Eric Wright insists he can explain what happened.
Back in 1980, gold prices were soaring and Wright said he came across a very attractive deal. He went to a motel in Richmond, Calif., in the San Francisco Bay area, to meet with his contact. The meeting took place six weeks after Marks' body was found.
"I was totally unaware of his death at the time," says Wright.
Wright said two gunmen attacked him in the motel parking lot the night of the meeting. Wright then claims that he has no idea what happened after that – except that he suffered serious memory loss.
"The last thing I remember in California was unlocking the door of my car," says Wright.
Wright's family reported him missing, and police discovered his car in a parking lot near the station. But several weeks later, Wright ended up in Colorado.
He blamed his amnesia on post-traumatic stress disorder, from his days as a Marine in Vietnam. The Veterans Administration even put him on full mental disability for this condition shortly before he was invited to testify before the grand jury in the Marks case. But Kathi says she never saw any evidence of this behavior that would support his claims.
Huber didn't believe his story either: "His use of the mental illness seems to be convenient for when he has something he doesn't want to remember or wishes not to talk about."
Investigators soon turned up a lot of evidence that Wright had planned his own disappearance. A copy of a book, explaining in elaborate detail how to create a new identity, was found in his office. And in the weeks before he disappeared, Wright followed its step-by-step instructions and became Steve Marcum.
Wright claims that he needed fake IDs in his business, and that creating Marcum had nothing to do with his disappearance: "I have never denied the fact that I disappeared. But it has absolutely nothing to do with the murder of Lester Marks. And that's the crime I'm charged with and that's the reason that I'm here."
Charged with murder in a 23-year-old case, Wright must appear at a preliminary hearing. But his attorney, Keith Arthur, insists the state hasn't got all that much: "I actually have a tangible shot of getting it dismissed."
But one thing is for sure: Lester Marks had gold in his possession about a month before his body was found. Investigators confiscated it in a raid, then returned it to him, and it was never seen again.
Prosecutors had testimony from two of Wright's former Colorado roommates that Marks' gold bars looked "kind of" like the ones Wright kept in his toilet tank. But the most important clue was a scribbled note found next to the phone in Marks' apartment. It had Wright's name and office phone number.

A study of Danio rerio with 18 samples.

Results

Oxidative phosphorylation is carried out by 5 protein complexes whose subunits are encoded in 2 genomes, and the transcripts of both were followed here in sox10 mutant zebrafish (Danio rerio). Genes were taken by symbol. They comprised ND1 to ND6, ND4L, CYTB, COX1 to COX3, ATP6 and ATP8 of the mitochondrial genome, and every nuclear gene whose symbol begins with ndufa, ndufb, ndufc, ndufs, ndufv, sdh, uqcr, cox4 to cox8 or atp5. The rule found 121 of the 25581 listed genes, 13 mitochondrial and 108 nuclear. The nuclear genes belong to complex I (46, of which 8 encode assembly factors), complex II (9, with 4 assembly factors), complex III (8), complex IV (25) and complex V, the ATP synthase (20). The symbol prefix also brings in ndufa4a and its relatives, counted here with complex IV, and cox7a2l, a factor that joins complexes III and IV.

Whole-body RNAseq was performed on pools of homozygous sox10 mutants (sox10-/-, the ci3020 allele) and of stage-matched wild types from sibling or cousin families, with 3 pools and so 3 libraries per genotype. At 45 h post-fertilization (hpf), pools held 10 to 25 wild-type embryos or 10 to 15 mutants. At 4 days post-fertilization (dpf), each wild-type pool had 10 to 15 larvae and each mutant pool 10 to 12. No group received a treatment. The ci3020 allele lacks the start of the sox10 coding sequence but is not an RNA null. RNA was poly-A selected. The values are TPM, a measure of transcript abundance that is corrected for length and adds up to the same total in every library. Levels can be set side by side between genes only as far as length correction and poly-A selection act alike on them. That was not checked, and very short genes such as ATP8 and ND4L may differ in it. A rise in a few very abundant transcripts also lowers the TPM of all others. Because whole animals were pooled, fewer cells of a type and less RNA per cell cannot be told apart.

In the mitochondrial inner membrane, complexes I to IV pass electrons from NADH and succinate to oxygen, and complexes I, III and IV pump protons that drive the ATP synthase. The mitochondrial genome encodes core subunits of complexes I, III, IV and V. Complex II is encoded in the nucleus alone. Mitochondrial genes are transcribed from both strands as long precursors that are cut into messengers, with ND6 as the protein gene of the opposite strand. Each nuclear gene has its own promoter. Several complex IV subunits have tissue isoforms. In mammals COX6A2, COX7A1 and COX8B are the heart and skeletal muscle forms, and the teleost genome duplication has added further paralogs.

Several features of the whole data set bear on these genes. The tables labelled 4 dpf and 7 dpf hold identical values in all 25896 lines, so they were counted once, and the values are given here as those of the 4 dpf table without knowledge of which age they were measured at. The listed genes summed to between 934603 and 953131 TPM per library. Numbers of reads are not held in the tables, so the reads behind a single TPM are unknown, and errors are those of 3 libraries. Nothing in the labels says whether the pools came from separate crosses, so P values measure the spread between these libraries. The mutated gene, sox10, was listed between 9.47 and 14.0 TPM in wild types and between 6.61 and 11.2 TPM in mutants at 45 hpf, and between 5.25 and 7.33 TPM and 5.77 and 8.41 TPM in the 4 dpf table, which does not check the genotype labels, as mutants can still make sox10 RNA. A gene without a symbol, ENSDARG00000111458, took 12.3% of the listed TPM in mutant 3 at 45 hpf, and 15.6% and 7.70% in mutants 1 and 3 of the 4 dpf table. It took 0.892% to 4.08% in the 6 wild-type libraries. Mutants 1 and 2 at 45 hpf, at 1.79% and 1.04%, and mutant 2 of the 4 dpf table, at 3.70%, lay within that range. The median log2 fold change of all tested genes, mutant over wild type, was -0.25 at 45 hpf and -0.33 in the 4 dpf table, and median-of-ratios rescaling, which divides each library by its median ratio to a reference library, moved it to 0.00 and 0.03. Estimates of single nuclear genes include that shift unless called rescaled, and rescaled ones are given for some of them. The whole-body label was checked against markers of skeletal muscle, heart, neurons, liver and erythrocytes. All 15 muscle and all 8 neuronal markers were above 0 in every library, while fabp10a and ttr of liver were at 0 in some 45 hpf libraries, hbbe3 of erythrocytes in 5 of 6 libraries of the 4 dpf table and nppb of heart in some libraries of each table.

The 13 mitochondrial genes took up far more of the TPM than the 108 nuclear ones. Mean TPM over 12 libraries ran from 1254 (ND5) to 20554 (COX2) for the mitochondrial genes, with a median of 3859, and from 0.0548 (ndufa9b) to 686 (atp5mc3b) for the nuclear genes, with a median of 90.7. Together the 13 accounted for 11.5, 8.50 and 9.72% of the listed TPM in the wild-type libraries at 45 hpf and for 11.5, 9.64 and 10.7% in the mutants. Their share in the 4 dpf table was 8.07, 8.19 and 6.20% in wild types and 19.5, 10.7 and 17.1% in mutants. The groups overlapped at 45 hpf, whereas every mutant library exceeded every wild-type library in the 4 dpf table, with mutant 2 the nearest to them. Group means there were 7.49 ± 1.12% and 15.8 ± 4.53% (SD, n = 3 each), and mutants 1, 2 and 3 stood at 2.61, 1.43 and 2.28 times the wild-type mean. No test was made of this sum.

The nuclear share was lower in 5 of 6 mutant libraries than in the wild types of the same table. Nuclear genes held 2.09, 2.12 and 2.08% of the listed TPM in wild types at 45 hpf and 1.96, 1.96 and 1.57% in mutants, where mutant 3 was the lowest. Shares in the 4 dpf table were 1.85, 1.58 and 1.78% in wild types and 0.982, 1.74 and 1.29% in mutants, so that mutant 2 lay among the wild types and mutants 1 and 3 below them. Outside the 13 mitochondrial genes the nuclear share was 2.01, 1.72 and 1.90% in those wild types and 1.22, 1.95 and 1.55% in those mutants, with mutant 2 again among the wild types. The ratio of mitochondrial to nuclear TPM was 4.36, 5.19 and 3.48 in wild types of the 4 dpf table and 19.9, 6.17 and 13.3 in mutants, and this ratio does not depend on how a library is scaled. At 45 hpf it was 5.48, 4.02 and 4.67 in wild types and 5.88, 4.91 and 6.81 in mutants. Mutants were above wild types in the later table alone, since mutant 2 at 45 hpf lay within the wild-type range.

The victim's son, Ronnie Marks, is the only person who says he can testify that Wright and Marks had dealings. But Ronnie has a lengthy criminal record himself, mostly for theft and drugs.
48 Hours Investigates caught up with Ronnie minutes after he was released from one of his latest stays in prison. He claims that he talked to Wright on the phone and said, "He confirmed to me he was going to buy my father's gold."
But Wright's attorney charges that Ronnie, who was a suspect in the case for many years, may have killed his father. "[Wright's] a liar, he's a murderer, and he's a cheat," says Ronnie. "He's a killer."
A decision from the judge comes quickly: Eric Wright will stand trial for murder. But there's some unwelcome news.
Even though authorities won the preliminary fight to try Wright, the weakness of their case has them so worried that they offer him a deal. By pleading guilty to voluntary manslaughter, Wright will be able to avoid a murder trial altogether. It's a deal he quickly accepts.
This means that Wright won't be spending much time in prison. "A lot of people are going to be very vulnerable, including me," Kathi says.
"I accepted the plea to avoid what could have resulted in life in prison," says Wright. "I am an innocent man. I have been wrongly accused, wrongly convicted."
He's now a convicted felon, and is serving the maximum sentence of six years. But with good behavior, Wright could be out in only two years.
Has the search for her husband's secret past been worth it? "It's totally worth it," says Kathi. "He destroyed people's lives. I know in my heart I've done everything I can."
Kathi told us that she's concerned for her safety, since she knows that Eric Wright might be out of prison in as little as two years.
Just before his sentencing, she moved – yet again – to an undisclosed location.
Eric Wright has been ordered to pay $55,000 in restitution to the estate of Lester Marks, the man he admitted killing.